Barry Trentham Ltd v Lawfield Investments Ltd

In Scotland the inhibition in the contractor's summons on the dependence of the action should not be recalled where the contractor showed a significant risk of the employer's insolvency and the contractor in any event had a good arguable case that a late notice of intention to withhold payment could not act as a potential defence to the contractor's claim
 
BARRY TRENTHAM LTD v LAWFIELD INVESTMENTS LTD

Scotland, Outer House, Court of Session
Lord Drummond Young
3 May 2002
 

This case involved Scottish court procedure. When the works under the building contract in question were almost complete the contractor sent to the employer an interim payment application. The contractor contended, and the employer accepted, that no notice of intention to withhold payment was issued by the employer under section 110 or 111 of the Construction Act 1996.

 

The contractor began court proceedings for payment of the amount of the valuation. The summons contained the usual warrant for inhibition on the dependence of the action. The use of this diligence was supported by detailed averments in the summons supporting the contractor’s case that there was a significant risk of the employer’s insolvency. The employer moved for recall of the inhibition on the ground that its continued use was contrary to the European Convention on Human Rights on the basis that the employer had adequate funds to meet the contractor’s claim if that claim were successful. In support of its motion the employer produced a substantial amount of material relating to its financial position which it contended indicated that there was no significant risk of insolvency.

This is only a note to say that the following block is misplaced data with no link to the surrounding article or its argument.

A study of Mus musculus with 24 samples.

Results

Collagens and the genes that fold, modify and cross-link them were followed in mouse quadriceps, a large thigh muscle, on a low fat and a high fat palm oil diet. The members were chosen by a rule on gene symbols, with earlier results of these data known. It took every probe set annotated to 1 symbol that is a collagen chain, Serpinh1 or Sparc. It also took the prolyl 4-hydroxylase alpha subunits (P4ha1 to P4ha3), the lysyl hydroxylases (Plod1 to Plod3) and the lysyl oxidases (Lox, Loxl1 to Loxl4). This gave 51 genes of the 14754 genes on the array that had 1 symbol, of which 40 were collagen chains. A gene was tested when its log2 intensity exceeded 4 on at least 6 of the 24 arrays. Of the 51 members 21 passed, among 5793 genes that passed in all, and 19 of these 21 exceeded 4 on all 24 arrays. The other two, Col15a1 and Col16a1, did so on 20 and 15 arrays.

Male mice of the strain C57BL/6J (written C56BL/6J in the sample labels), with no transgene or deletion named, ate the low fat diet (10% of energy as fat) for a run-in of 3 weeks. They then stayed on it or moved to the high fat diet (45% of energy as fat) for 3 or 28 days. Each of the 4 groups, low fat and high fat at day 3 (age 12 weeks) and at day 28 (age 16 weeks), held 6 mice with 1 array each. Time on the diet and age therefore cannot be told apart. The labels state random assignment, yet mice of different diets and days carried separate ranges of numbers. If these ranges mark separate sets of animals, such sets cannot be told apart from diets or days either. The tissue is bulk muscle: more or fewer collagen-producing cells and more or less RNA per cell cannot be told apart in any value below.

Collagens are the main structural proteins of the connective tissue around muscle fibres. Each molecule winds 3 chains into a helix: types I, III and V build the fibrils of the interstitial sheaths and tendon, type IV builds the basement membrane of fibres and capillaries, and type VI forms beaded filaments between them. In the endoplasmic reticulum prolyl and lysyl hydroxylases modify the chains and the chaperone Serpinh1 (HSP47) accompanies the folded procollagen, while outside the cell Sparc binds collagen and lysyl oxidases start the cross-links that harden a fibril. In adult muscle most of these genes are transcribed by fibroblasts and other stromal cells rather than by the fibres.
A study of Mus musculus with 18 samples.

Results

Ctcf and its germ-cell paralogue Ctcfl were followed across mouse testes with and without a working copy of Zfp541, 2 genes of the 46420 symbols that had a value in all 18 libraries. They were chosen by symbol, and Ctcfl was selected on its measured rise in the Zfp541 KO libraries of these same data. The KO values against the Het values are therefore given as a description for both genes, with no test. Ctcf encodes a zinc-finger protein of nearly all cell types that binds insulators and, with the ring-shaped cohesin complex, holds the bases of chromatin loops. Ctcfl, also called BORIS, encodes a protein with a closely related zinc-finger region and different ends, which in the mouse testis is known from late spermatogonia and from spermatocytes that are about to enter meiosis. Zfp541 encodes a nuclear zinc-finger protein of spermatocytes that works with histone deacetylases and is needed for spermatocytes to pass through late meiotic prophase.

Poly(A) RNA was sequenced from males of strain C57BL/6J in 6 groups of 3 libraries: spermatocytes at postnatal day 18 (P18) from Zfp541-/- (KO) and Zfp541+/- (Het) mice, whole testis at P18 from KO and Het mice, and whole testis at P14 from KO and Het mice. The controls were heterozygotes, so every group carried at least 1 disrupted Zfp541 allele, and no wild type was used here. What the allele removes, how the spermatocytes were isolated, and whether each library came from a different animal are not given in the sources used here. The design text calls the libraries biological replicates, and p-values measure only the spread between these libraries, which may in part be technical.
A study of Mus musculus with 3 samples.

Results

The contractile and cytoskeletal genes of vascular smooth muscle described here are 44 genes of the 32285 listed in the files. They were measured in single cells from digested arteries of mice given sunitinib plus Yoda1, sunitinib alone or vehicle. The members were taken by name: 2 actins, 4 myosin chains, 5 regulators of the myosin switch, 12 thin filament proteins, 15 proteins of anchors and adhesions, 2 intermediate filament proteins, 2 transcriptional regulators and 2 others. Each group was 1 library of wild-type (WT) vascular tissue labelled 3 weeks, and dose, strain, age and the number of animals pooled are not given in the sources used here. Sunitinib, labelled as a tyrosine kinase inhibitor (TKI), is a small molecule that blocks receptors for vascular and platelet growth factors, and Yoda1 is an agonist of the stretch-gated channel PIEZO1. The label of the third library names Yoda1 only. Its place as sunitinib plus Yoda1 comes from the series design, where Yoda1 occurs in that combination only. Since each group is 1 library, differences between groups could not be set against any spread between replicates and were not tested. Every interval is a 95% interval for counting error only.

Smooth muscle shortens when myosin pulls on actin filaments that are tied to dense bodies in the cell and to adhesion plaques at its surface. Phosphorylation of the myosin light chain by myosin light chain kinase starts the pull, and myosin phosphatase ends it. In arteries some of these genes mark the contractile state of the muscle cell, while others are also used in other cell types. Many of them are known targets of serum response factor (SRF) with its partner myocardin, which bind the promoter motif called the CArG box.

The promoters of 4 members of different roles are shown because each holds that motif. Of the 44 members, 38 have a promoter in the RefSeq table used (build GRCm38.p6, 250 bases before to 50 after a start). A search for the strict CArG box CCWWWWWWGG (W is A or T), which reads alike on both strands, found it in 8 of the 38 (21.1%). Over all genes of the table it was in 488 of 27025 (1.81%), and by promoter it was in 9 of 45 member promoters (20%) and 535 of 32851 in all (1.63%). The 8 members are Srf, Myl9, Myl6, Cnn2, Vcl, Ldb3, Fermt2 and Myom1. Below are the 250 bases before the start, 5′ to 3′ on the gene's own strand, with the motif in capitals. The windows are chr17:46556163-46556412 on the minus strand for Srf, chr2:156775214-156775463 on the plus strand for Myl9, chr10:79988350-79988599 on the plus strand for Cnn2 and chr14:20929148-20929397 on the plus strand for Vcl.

Lord Drummond Young rejected the employer’s motion on the basis that there was a significant risk of its insolvency. He went on to state that the substance of the employer’s defence did not show a sufficient basis for holding that the contractor did not have a good arguable case on the merits. This defence was that the employer had served another notice of intention to withhold payment in respect of a subsequent interim payment application and that the amount to be withheld exceeded the amount of the contractor’s claim. This defence did not have merit because it was irrelevant insofar as it referred to the later application. Lord Drummond Young reached this conclusion after consideration of the decision of Lord Macfadyen in SL Timber Systems v Carillion Construction.

 

Advice Note

If a defendant wishes successfully to defend a claim for the amount included in a payment application made by a contractor, it must serve an effective notice of intention to withhold payment in accordance with the procedure set out in sections 110 and 111 of the Construction Act 1996.